The Justice Department led a group of executive branch agencies in calling on federal regulators Thursday to revoke a Chinese state-owned telecom company's permission to provide service in the U.S., citing national security concerns.

Why it matters: It's the latest crackdown from the federal government on China-based communications companies amid tensions between Washington and Beijing over a range of issues.

What's happening: Officials from the DOJ, Office of the U.S. Trade Representative and the departments of Homeland Security, Defense, State and Commerce found "substantial and unacceptable national security and law enforcement risks" in reviewing China Telecom's operations in the U.S.

  • They want the Federal Communications Commission to revoke a 2007 authorization letting the company provide service. China Telecom's U.S. offerings include a wireless service aimed at Chinese Americans and Chinese tourists and lines for privately transferring data internationally, according to a filing from the agencies.
  • The agencies said the U.S. wing of China Telecom has failed to comply with the requirements related to the 2007 authorization, and also raised concerns about its status as a subsidiary of a state-owned enterprise.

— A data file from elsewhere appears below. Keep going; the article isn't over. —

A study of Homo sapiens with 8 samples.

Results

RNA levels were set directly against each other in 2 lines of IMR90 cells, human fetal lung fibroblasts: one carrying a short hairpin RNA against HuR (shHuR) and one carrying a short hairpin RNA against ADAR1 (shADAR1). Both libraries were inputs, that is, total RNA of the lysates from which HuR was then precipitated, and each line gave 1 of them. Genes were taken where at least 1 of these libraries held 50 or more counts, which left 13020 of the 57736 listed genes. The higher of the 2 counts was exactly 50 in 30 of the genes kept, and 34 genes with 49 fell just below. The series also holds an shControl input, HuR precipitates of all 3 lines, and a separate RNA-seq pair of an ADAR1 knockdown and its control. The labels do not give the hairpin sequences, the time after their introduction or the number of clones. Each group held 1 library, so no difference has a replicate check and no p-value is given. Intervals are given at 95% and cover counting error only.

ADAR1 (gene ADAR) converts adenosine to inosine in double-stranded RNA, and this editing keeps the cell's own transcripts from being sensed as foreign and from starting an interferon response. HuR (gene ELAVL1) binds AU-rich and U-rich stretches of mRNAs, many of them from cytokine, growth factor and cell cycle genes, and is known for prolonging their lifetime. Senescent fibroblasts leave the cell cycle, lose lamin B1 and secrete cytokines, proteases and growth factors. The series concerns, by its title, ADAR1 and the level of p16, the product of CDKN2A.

• The company's U.S. operations offer opportunities for state actors to engage in malicious cyber activity, the Justice Department warned.
"Today, more than ever, the life of the nation and its people runs on our telecommunications networks. The security of our government and professional communications, as well as of our most private data, depends on our use of trusted partners from nations that share our values and our aspirations for humanity."
— John C. Demers, assistant attorney general for National Security

Yes, but: China Telecom denied the U.S. agencies' allegations, calling them "procedurally unprecedented" in a statement.

  • "The company has always been extremely cooperative and transparent with regulators. In many instances, we have gone beyond what has been requested to demonstrate how our business operates and serves our customers following the highest international standards."

Flashback: The FCC last year voted to deny a request from China Mobile, another state-owned telecom company, to provide service in the U.S.

  • "The FCC has been looking at this issue," an FCC spokesperson said in a statement. "We welcome the input of the executive branch agencies and will review it carefully." 
  • GOP Commissioner Brendan Carr sought a review of China Telecom and fellow Beijing-controlled enterprise China Unicom's ability to operate in the U.S., as did Senate Minority Leader Chuck Schumer and GOP Sen. Tom Cotton.
  • "Last year, I encouraged the national security agencies to examine China Telecom and to provide us with their views on whether we should revoke their authorizations," Carr tweeted Thursday. "The evidence I saw certainly called the authorizations into question. Glad DOJ acted."

Editor's note: This story has been updated with a statement from China Telecom.